If you are still looking into this, or want to go back to it, then you might be interested in listening to the CyberSpeak Podcast to hear about one forensic investigator's/firm's research. I suggest you listen to the whole episode, but if you want to spot-check its relevance then I think that around 22:00/23:00 they say a few points that are relevant to your endeavor.
The tool, called Registry Recon, is a commercial tool and I can not vouch for it since I have not yet used it myself. Pursue that at your own risk; however, I will point out the bullet-point claim in the release notes.
"[..] Reports USB Storage Devices (see when they were attached over time!) and RecentDocs"
Clarifications Regarding the Original Post
I have left the original post exactly as it was, but would like to say that I never meant to bash any commercial product nor do I intend to promote myself or any third party products I happen to mention.
I do not apologize for my sense of humor, but I do regret the possibility that I offended anyone. Not that is important what you think of me; rather it is important for me to respect the culture and demeanor of this forum. I do respect the community here and for that reason I apologize.
Thank you again, @Gilles, for your comments.
I looked at a commercial offering called "Spector 360" that was talking about this exact scenario. As you might imagine, it required agents to be installed onto each monitored computer. Honestly, I was not happy with the system impact that the agents had on system performance. Enabling auditing/logging also has an impact on system performance. This is to be expected from pretty much any solution that is available to address the scenario you are describing.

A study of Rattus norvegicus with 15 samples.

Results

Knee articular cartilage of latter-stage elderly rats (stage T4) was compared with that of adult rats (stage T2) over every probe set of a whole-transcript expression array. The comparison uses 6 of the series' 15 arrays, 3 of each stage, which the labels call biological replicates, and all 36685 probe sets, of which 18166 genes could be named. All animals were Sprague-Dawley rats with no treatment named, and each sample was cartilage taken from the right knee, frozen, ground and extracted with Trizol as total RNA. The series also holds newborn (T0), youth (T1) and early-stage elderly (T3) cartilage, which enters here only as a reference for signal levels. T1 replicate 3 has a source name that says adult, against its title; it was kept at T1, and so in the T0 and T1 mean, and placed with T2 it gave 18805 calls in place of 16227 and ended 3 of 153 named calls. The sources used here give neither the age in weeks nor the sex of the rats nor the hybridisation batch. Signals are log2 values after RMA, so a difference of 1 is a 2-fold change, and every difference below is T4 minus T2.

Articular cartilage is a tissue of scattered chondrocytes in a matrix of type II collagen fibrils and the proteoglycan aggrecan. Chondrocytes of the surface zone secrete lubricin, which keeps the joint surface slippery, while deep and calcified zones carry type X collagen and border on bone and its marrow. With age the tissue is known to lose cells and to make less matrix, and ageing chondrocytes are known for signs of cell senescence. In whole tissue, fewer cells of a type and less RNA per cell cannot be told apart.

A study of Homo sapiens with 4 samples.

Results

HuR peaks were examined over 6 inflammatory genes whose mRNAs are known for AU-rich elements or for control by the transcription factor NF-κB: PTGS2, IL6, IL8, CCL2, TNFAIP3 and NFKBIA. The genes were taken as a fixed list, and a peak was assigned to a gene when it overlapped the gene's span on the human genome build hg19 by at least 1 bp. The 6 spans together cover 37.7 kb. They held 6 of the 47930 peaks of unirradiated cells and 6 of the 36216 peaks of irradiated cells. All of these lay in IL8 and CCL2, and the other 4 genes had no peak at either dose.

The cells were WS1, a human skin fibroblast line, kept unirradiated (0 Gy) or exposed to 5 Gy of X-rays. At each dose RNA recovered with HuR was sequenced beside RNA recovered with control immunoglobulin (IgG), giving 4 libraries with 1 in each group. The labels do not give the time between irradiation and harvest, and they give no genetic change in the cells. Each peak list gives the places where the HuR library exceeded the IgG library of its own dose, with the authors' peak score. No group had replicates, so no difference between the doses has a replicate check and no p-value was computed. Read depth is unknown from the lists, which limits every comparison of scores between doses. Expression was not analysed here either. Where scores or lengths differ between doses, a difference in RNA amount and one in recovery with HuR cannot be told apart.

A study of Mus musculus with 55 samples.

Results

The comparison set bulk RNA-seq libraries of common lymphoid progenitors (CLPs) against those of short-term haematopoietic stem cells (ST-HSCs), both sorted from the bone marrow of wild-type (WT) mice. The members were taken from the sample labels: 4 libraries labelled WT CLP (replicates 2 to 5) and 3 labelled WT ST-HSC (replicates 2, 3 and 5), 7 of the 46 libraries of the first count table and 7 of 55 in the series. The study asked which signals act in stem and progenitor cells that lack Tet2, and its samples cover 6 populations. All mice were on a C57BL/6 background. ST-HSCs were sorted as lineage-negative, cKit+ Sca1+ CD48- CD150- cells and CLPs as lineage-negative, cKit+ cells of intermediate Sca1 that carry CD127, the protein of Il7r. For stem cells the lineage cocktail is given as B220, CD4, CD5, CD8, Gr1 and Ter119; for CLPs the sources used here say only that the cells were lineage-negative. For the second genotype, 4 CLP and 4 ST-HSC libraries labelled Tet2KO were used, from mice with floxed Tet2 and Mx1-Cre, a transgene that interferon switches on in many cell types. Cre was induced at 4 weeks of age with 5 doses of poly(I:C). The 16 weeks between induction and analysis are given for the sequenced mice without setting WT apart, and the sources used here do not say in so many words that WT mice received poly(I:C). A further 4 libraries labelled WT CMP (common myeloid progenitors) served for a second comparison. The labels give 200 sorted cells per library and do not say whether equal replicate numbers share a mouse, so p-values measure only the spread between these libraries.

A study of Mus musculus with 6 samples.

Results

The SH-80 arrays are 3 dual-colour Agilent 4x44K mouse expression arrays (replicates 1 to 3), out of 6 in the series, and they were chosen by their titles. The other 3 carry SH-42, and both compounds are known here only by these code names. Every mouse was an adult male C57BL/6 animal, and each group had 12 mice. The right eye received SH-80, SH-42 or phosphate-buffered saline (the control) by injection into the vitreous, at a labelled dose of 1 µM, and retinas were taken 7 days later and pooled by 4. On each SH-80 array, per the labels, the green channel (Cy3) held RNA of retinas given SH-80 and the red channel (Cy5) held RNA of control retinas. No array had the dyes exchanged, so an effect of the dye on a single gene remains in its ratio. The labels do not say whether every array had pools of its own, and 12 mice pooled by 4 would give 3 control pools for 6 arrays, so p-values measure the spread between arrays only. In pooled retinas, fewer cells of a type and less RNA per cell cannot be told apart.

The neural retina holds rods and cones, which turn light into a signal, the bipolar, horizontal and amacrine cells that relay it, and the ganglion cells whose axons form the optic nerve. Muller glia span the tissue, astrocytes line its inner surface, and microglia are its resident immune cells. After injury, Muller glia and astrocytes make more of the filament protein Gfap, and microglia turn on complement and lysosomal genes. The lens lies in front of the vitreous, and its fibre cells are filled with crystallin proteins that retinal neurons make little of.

Before I came across Spector 360, I knew of a Remote Administration Tool (RAT) that was being used to a small extent by criminals. The company that creates it is legit and was not necessarily responsible for the criminals actions; my point is that there are a lot of RAT/Spyware/Monitoring applications that will provide the functionality needed to accomplish what you desire. You should expect friction from AV installed on those systems though, no matter how legit the company that authored the application. They are all capable of being used malevolently.
As for forensically looking for evidence... maybe, but that is a long shot. I really wouldn't count on it. There would be artifacts created if the system conditions were right. Those artifacts would also be eroded according to the system conditions, usage, and time since the event.
Are you trying to determine if you have had some files stolen, or are you just wondering? If it is the latter, then you should really turn your attention towards the logging/auditing solutions. If you hand has been forced, you should just kill whom ever you suspect of stealing the files before they can distribute/deliver them. Burring their living space and surrounding areas to the ground would give a little more assurance that any stolen data was destroyed.
Of course, my last suggestion is illegeal and I am only kidding about actually carrying out such drastic measures. If you think you have had a security breach and want to talk it through with someone, you can contact me and I'll spend sometime helping you as much as I can.